Thought I’d share this one with the group. I’ve mentioned it before in threads, but though it worthy of a bit more visibility. The aim here isn’t to product-bash per se – it’s to try to encourage people to QUESTION the products they are using, and just not to accept they behave in accordance with manufacturer’s claims.
For years I’ve used API test kits . . . and recommended them to others as readily available, affordable kits. It’s only in recent times that I had some questionable results from my own tanks, and a niggling doubt formed. Then I started seeing a string of interesting posts on Facebook groups that just didn’t make sense – people battling “high nitrates” which continual, massive water changes in scrupulously clean tanks couldn’t combat. It didn’t make sense. The one common factor – API test kits.
So I did some tests for myself. I tested a water sample with two API nitrate kits from my collection, and one JBL kit. All kits were within use by dates and had been stored properly since purchase. The water came from a large moderately stocked tank running a large Marine Pure block in the sump for nitrate reduction. With my maintenance regime I would expect nitrate levels to be low. Results were as follows:
Older API kit - 40 ppm (3 months before expiry, bottles well used but shaken well before every use)
Newer API kit - 160 ppm (2+ years to expiry, bottles used for one or two tests only)
JBL kit - between 5 & 10 ppm
I have since made a comparison using JBL and ELOS kits on other samples from the same tank and they gave identical, low results.
While the API nitrate kits appear to be particularly problematic, I no longer trust the API nitrite kits either. I had a situation with dead fry in a tank. API kits indicated water was fine, while JBL showed elevated nitrite. Without the JBL kit I wouldn’t have known how to deal with the problem.
I keep hearing of similar stories – a couple of weeks ago a guy had unexplained deaths in his tank. Took water samples to two shops and their testing using API kits indicated there were no issues. He took a sample to another shop who tested with another brand and identified elevated levels of nitrite and sky-high nitrate. Problem identified . . . . . eventually. If the guy hadn’t been persistent, he would still be in the dark as to how to proceed to solve his very real problem.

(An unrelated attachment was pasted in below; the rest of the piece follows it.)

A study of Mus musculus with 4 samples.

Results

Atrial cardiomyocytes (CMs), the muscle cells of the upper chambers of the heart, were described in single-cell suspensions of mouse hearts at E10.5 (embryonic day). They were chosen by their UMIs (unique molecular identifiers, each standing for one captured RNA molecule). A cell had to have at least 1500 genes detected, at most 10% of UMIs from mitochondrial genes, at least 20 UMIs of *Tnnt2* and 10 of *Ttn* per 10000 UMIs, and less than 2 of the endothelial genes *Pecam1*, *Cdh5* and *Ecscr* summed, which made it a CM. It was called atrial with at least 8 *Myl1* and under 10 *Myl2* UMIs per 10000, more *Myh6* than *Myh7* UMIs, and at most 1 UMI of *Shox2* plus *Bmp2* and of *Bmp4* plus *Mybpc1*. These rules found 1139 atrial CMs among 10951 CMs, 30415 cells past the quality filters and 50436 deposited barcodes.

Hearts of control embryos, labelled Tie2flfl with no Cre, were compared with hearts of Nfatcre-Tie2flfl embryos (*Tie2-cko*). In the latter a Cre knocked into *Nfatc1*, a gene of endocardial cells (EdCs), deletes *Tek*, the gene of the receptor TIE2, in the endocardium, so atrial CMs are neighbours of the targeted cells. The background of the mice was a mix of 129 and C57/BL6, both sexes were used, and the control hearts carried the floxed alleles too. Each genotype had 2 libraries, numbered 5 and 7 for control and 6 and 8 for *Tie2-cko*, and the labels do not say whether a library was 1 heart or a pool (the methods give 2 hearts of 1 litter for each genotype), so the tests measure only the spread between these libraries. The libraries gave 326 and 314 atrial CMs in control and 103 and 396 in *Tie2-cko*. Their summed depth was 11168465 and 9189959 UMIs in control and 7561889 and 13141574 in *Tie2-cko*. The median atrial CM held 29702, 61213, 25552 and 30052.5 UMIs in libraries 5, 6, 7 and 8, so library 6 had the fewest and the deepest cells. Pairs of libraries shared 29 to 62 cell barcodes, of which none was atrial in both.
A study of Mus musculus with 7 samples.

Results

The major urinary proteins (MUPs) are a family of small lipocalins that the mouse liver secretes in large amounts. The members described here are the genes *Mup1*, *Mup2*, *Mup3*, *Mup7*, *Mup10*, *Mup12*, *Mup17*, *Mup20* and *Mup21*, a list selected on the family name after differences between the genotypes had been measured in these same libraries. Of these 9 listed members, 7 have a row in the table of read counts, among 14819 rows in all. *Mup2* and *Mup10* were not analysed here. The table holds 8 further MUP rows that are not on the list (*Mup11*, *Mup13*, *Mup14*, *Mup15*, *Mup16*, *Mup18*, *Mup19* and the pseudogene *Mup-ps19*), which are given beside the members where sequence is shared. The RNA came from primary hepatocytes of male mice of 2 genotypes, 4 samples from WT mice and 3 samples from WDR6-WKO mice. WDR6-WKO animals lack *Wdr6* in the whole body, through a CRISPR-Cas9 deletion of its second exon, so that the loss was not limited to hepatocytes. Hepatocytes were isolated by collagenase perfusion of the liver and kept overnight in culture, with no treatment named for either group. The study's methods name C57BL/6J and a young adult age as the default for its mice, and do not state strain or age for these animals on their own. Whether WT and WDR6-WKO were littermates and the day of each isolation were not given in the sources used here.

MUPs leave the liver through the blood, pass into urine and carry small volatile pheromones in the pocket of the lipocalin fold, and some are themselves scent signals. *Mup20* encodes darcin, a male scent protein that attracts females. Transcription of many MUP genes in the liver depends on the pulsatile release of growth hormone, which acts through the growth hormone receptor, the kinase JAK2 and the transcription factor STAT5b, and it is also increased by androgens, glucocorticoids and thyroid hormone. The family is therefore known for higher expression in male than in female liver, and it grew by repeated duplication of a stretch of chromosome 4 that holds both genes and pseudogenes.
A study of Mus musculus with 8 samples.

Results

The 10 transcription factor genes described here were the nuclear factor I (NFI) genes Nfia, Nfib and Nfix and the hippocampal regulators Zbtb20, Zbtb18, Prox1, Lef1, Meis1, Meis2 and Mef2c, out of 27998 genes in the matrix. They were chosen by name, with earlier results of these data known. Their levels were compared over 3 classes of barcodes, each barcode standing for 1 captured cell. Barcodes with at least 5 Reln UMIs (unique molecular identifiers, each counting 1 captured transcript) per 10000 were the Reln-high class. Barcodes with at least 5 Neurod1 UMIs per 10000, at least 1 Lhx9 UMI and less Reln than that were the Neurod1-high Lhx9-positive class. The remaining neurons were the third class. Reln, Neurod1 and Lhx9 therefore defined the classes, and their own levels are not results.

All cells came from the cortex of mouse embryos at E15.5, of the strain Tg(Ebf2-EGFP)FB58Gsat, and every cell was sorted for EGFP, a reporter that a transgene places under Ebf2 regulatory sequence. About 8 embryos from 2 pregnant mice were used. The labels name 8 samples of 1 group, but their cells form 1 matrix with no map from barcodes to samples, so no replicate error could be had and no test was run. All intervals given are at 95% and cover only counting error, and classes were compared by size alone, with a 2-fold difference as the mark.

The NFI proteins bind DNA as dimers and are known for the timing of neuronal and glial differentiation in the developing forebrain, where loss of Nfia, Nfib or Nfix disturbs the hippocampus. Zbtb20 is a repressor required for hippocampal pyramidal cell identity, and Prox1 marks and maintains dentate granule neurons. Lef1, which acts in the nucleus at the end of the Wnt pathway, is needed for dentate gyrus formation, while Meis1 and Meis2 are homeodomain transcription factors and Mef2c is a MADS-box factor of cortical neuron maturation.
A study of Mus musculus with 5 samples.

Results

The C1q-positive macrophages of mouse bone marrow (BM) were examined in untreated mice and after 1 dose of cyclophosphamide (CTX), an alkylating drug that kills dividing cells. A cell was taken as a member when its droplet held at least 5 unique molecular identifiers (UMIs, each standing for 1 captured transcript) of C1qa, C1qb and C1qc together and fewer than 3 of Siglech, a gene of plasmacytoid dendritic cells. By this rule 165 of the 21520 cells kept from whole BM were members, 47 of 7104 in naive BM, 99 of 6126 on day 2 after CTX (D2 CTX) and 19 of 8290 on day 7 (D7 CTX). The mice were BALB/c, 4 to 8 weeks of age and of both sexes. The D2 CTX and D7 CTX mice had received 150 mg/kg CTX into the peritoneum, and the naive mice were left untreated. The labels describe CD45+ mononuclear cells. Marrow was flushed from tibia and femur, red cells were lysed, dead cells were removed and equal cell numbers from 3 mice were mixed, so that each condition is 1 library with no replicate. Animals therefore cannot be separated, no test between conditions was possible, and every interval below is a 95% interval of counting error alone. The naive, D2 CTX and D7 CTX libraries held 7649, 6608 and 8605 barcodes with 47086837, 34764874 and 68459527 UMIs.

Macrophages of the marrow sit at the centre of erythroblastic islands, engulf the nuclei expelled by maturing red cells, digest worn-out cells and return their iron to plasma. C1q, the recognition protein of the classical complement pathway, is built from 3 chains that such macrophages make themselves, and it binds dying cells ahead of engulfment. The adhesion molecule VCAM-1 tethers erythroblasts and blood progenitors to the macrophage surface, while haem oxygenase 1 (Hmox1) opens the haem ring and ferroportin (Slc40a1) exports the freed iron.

I hear the cries already. “API kits are fine – you just need to use them properly!” Sorry – I am fully aware of the issues of API nitrate kit reagent 2 settling out of solution and the need for shaking the @*&% out of the bottle before use. I’m well aware of the pitfalls of unclean test tubes, inaccurate sample sizes etc, etc. I’m a degree qualified engineer with 25+ years’ experience in Test and Evaluation. I suggest if I can’t get reliable, repeatable results from a test kit, then they aren’t suitable for the general hobbyist.
A hunt on the internet quickly reveals that my experiences aren’t uncommon. We are now seeing a number of well-respected LFS refusing to sell these kits, based on customer’s and in-shop experiences.
The response I’ve had from a technical representative of API on this subject is to say . . . . . interesting. Let’s just say it didn’t do anything to improve my confidence in the products.
I used to recommend API kits to others as a relatively affordable, readily available option. I no longer do so. False negative test results mean problems can’t be identified. Excessive readings lead people to take drastic, unwarranted interventions on their tanks.
Problem is – we buy a product, particularly one from a major well-known company, and we just expect it will do what it says it should . . . . . .
Please – rather than accept those results with blind faith, retain a healthy degree of scepticism. If results don’t seem to make sense, try to find a LFS who use an alternative brand who can validate or otherwise your parameters. You owe it to your fish!
Edited by humbug, 05 June 2017 - 05:10 PM.